Social Housing Speed Read – A blanket stay on possession proceedings – further clarification
1st June, 2020
We recently discussed the case of Arkin, whereby a challenge to the blanket stay on all possession proceedings (Practice Direction 51Z) was made. This week's speed read is somewhat of a follow-on, as we look at another case seeking clarity on the application of PD 51Z.
Click here to view the previous speed read.
London Borough of Hackney v Okoro (2020) is, rather confusingly, an appeal on an appeal. Mr Okoro had been presented with a possession order by his landlord, the London Borough of Hackney (“LBH”). Unhappy with this outcome, he sought to appeal however proceedings were stayed until 25 June 2020 as per PD 51Z.
The LBH did not agree that the proceedings should be stayed, however. It argued that:
“PD 51Z does not even apply to all claims under CPR Part 55, because consent orders for case management directions and actions against trespassers are excluded. Moreover, the “proceedings for possession” under CPR Part 55 cease when a possession order is made, and the appeal process is entirely governed by CPR Part 52, so putting it outside the terms of PD 51Z”.
Mr Okoro, on the other hand, argued that the basis for the implementation of PD 51Z was to “protect public health and ensure that the courts are not overwhelmed during the pandemic” and that this purpose was expressly stated and so appeals are, inevitably, included. The Court of Appeal agreed.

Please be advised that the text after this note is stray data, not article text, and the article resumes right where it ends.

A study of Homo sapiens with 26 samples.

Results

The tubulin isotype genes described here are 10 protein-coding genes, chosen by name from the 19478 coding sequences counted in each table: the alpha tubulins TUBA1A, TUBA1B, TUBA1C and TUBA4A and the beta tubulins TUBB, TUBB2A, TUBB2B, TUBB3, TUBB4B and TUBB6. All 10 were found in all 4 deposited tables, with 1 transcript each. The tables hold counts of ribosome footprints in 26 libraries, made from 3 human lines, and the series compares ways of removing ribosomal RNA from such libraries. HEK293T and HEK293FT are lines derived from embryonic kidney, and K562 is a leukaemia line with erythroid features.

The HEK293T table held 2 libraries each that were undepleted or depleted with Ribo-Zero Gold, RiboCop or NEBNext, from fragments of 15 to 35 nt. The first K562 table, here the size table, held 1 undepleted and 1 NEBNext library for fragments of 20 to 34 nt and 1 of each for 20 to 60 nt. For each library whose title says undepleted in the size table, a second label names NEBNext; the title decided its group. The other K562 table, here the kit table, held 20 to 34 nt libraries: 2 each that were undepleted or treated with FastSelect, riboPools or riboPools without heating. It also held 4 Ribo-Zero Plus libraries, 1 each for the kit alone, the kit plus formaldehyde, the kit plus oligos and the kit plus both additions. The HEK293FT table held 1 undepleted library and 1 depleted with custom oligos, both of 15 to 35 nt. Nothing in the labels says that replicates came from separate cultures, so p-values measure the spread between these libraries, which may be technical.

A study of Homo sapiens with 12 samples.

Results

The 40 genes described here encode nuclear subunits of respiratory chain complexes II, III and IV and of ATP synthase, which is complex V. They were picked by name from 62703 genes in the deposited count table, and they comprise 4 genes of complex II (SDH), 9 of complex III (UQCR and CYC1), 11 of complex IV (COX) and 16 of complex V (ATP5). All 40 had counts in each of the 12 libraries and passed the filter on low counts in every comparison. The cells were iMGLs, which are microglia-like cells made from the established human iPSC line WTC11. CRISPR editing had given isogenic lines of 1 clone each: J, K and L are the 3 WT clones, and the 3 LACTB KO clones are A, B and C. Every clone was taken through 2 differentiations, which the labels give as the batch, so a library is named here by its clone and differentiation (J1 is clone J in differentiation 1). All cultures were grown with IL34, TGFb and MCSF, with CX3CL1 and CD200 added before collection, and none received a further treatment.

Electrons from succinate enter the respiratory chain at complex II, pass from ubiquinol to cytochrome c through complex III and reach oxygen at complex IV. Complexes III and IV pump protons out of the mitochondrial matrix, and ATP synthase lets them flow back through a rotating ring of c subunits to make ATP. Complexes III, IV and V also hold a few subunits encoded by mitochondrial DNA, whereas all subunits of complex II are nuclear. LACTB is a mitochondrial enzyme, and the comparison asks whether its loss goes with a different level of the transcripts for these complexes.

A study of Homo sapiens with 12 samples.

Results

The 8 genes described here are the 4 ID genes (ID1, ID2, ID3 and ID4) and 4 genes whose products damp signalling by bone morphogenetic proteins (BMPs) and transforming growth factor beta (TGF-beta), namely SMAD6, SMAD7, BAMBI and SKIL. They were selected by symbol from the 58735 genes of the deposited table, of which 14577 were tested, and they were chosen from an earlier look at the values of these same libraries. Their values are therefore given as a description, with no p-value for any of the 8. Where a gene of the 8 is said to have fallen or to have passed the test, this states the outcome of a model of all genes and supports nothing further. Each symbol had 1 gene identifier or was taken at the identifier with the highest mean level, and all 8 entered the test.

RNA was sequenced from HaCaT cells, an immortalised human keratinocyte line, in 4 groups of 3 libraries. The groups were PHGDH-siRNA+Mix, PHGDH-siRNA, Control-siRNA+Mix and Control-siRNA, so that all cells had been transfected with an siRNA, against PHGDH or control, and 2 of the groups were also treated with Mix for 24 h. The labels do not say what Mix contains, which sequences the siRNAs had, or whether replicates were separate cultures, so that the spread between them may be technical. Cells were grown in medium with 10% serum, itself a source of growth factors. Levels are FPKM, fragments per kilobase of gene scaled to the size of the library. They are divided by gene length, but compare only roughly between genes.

The Court focused on the wording of the practice direction itself, finding that proceedings “brought under CPR Part 55”, still applied to appeals brought to challenge possession claim outcomes. The procedure governing possession claims is contained within CPR Part 55 and so the stay must therefore also extend to cover appeals.
It is worth noting, however, that PD 51Z does not apply to appeals in the Supreme Court. This is due to the fact that such appeals are beyond the jurisdiction of the body which implemented the temporary legislation.
In summary, the legislation really is far-reaching and the blanket stay seems to extend to all possible aspects of possession proceedings, albeit housing providers should note that the stay does not apply to exclusion order appeals (ie. An Order to exclude a party from the family home).
If you have any questions on the above and how it will affect social housing providers, or any other questions as a social housing provider, please do not hesitate to contact John Murray or a member of our expert Social Housing Team.
Please note that this briefing is designed to be informative, not advisory and represents our understanding of English law and practice as at the date indicated. We would always recommend that you should seek specific guidance on any particular legal issue.